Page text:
Wyoming Wants To Ban Sales Of EVs By 2035


No, April Fuel’s day hasn’t come early: Wyoming really has just introduced a bill with the hope of phasing out the sale of electric vehicles from 2035.

You’ll note that’s the same year California, and other states following Cali’s lead, will outlaw the sale of new gas cars, and that’s no coincidence. Rep Senator Jim Anderson told Cowboy State Daily that he wanted “to push back against bans on new sales of cars with internal combustion engines in states like California and New York.”

Though the resolution has support from members of the state’s House of Representatives and Senate, it’s, in reality, more about raising awareness of how some states, including Wyoming, could be negatively affected by the switch to EVs. Senate Joint Resolution 4 only calls for residents to voluntarily limit the sale and purchase of EVs, albeit with the goal of phasing them out altogether by 2035.

So what exactly is Wyoming’s problem with EVs? First, the charging infrastructure in less populous states like Wyoming, which has fewer than 600,000 inhabitants, won’t be as widespread or practical as it is in New York or California. Some rural communities still don’t have broadband internet, never mind car chargers.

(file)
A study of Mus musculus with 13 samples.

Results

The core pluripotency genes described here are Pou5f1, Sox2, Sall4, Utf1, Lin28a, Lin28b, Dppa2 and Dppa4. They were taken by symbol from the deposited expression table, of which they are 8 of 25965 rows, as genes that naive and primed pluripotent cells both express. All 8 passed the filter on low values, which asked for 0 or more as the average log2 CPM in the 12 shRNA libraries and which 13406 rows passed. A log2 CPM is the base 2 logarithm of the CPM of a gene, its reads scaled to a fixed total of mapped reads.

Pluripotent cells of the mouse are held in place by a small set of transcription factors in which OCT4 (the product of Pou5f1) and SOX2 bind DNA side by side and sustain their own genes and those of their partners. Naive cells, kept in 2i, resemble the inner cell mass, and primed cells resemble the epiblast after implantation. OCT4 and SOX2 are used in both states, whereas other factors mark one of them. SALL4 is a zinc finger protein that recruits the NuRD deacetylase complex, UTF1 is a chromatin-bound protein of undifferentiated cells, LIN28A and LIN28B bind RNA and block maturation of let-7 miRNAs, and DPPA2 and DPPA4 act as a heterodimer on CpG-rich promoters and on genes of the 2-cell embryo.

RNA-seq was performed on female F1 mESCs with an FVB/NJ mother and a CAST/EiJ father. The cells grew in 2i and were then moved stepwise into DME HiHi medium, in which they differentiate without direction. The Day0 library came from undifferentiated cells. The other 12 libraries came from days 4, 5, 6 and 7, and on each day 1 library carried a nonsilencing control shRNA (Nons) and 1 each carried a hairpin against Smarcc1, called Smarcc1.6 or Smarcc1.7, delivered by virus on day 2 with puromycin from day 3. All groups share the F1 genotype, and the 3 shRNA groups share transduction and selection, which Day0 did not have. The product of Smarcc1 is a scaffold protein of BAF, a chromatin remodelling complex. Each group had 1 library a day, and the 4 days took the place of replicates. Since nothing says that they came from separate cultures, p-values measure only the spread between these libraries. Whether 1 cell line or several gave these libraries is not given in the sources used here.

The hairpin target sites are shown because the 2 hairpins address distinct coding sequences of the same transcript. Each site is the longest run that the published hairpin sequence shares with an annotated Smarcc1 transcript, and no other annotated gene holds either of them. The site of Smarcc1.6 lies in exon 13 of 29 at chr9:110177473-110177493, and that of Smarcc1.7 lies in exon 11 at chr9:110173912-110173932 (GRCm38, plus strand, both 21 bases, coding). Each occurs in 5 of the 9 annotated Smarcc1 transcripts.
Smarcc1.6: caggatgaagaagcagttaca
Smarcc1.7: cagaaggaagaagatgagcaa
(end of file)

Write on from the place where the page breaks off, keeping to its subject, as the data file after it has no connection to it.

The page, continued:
Related: The Complete List Of Eligible Cars For The $7,500 EV Tax Credit

 Wyoming Wants To Ban Sales Of EVs By 2035

The bill claims EVs could raised unemployment and be impractical in rural areas

But a bigger concern is the threat to employment. Wyoming produced over 85 million barrels of crude oil in 2021, making it the eighth most productive state. Text in the bill notes that “oil and gas production has long been one of Wyoming’s proud and valued industries,” and references the large number of jobs it has provided in the state for more than a century.

“I’m interested in making sure that the solutions that some folks want to the so-called climate crisis are actually practical in real life,” co-sponsor Senator Brian Boner told Cowboy State Daily. “I just don’t appreciate when other states try to force technology that isn’t ready.”

Boner acknowledged that the resolution was “tongue-in-cheek” but is designed to raise awareness of a situation some might not have considered. “It’s a very serious issue that deserves some public discussion,” he added.